Monday, 16 February 2009

What I have been up to...

It's been a busy couple of months, working on two book chapters and one journal article. This impending spring will be focussed upon completing my comprehensive exams and perhaps I will leave book-like reviews or something here as I work through my reading lists.

Below are the abstracts of the pieces I have been working on:

Accepted: ABSTRACT #1 (Submission for the International Journal of Social Robotics)

Looking Forward to Sociable Robots

This work examines humanoid social robots in Japan and the North America with a view to comparing and contrasting the projects cross culturally. In North America, I look at the work of Cynthia Breazeal at the Massachusetts Institute of Technology and her sociable robot project: Kismet. In Japan, at the Osaka University, I consider the project of Hiroshi Ishiguro: Repliée-Q2. I first distinguish between utilitarian and affective social robots. Then, drawing on published works of Breazeal and Ishiguro I examine the proposed vision of each project. Next, I examine specific characteristics (embodied and social intelligence, morphology and aesthetics, and moral equivalence) of Kismet and Repliée with a view to comparing the underlying concepts associated with each. These features are in turn connected to the societal preconditions of robots generally. Specifically, the role that history of robots, theology/spirituality, and popular culture plays in the reception and attitude toward robots is considered.

Accepted: ABSTRACT #2 (Submission for "Essays on Monsters and the Monstrous." Oxford: Inter-Disciplinary Press, 2009)

Abject Cyborg Woman
The female-monster is frightening for different reasons than her male-monster counterpart. Barbara Creed argues that woman is typically defined in terms of her sexuality, signaling the centrality of gender to the understanding of female monstrosity. This work considers the hypersexual, dangerous, and disruptive female cyborg figure, a film icon that has endured in the cultural imaginary for decades. Creed uses the term ‘monstrous feminine’ to describe an array of frightening female representations that range from the vampire and the witch, to the monstrous primordial mother, and notes, “[critical] neglect of the monstrous feminine in her role as castrator has led to a serious misunderstanding of the nature of the monstrous woman in the horror film and other popular genres such as film noir and science fiction.” This essay addresses this neglect, and considers the female cyborg in relation to feminine monstrosity and abjection. Following Creed, this work draws upon Julia Kristeva’s theory of the abject as well as Sigmund Freud’s concept of the castrating woman. This paper shows that Creed’s list of monstrous women should be expanded to include yet another monstrous female, the cyborg, both abject and monstrous.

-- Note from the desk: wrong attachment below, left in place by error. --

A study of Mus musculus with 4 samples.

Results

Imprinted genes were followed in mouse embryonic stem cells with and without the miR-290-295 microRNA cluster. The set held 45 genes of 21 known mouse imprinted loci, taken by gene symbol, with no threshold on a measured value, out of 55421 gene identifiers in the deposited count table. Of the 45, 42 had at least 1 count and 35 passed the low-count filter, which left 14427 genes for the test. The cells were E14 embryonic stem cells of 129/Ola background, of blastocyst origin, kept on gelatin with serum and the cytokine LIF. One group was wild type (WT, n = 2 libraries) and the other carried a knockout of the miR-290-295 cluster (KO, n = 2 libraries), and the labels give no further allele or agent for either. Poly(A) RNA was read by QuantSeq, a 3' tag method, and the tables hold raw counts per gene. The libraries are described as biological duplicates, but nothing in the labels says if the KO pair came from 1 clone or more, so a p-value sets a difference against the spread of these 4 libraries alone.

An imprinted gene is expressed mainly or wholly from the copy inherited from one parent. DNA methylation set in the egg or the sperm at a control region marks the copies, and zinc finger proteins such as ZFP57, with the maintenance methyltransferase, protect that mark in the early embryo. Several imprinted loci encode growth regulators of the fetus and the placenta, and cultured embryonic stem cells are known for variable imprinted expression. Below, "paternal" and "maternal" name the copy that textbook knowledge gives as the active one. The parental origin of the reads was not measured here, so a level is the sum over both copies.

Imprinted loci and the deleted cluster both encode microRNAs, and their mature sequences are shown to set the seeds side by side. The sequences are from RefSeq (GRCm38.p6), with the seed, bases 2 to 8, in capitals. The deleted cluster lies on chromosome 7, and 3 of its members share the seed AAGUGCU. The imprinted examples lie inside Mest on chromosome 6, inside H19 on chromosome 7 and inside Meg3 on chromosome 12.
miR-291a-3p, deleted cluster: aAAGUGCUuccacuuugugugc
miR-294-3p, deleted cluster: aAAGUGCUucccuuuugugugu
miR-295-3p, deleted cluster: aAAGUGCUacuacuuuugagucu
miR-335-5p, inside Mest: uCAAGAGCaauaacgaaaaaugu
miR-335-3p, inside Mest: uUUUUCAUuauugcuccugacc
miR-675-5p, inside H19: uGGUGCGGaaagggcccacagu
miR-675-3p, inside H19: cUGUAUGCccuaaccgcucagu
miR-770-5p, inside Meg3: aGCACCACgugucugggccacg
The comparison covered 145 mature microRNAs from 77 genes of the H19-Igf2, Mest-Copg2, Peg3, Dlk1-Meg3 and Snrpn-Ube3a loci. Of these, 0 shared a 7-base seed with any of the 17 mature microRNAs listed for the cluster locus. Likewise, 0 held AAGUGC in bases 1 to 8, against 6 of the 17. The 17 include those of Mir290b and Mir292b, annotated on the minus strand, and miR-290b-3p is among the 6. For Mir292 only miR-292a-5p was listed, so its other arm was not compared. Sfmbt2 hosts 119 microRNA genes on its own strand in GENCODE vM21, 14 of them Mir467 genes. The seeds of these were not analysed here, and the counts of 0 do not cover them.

ABSTRACT #3 (Looking for new publishing options)

Pathological Machines: Gender Representation and the Female Cyborg
Sean Redmond distinguishes between a humanist and a pathological cyborg. Redmond argues that the humanist cyborg works in collaboration with human beings and longs to understand the emotional complexity of humanity, yet never seems to quite achieve unity of “the corporeal to the technological.” Star Trek’s Data may be thought of as the exemplary humanist cyborg. Conversely, the pathological cyborg is relentless in its “will to power…The pathological cyborg wants nothing more than the complete genocide of the human race.” Pathological seems to best describe the dominant representation of the female cyborg on film and in television, most often characterized as hypersexual, dangerous, and disruptive. This work briefly traces the representational history of the female-machine (e.g. mythological creature, mechanical artifact, literary figure, filmic image), broadly outlining an enduring cultural presence that stretches from antiquity to our contemporary moment. Then, drawing upon Jeffrey Cohen’s seven theses of monstrosity and the connection of the feminine to monstrosity generally, I argue, following Barbara Creed, that the female cyborg is a monstrous figure and that she that differs in significant ways from her male counterpart.